Discussion in 'Diabetic Foot & Wound Management' started by JFAR, Feb 3, 2009.


    JFAR Active Member



    Byron M Perrin, Hal Swerissen, Craig Payne

    Journal of Foot and Ankle Research 2009, 2:3

    Background People with diabetes and peripheral neuropathy often do not implement the foot-care behavioural strategies that are suggested by many health professionals. The concept of self-efficacy has been shown to be an effective predictor of behaviour in many areas of health. This study investigated the relationships between foot-care self-efficacy beliefs, self-reported foot-care behaviour and history of diabetes-related foot pathology in people with diabetes and loss of protective sensation in their feet.

    Methods
    Ninety-six participants were included in this cross-sectional study undertaken in a regional city of Australia. All participants had diabetes and clinically diagnosed loss of protective sensation in their feet. The participants completed a self-report pen-paper questionnaire regarding foot-care self efficacy beliefs (the “Foot Care Confidence Scale”) and two aspects of actual foot-care behaviour- preventative behaviour and potentially damaging behaviour. Pearson correlation coefficients were then calculated to determine the association between foot-care self-efficacy beliefs and actual reported foot-care behaviour. Multiple analysis of variance was undertaken to compare mean self-efficacy and behaviour subscale scores for those with a history of foot pathology, and those that did not.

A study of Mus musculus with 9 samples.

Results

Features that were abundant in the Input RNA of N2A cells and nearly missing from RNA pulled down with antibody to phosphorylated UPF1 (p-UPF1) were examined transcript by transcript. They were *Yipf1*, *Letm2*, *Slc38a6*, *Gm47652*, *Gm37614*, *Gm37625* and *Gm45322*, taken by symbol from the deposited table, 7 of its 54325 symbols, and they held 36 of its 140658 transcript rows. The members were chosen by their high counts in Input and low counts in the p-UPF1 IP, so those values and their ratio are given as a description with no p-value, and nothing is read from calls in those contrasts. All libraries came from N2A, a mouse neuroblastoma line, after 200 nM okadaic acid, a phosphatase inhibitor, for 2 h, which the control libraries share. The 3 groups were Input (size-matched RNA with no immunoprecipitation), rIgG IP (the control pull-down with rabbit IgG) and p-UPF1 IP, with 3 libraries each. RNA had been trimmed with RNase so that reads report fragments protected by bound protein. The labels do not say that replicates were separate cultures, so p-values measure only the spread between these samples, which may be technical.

Results
    A small positive correlation (r=0.2, p=0.05) was found between self-efficacy beliefs and preventative behaviour. There was no association between self-efficacy beliefs and potentially damaging behaviour. There was no difference in self-efficacy beliefs in people that had a history of foot pathology compared to those that did not.

    Conclusions
    There is little association between foot-care self-efficacy beliefs and actual foot-care behaviour. The usefulness of measuring foot-care self-efficacy beliefs to assess actual self foot-care behaviour using currently available instruments is limited in people with diabetes and loss of protective sensation.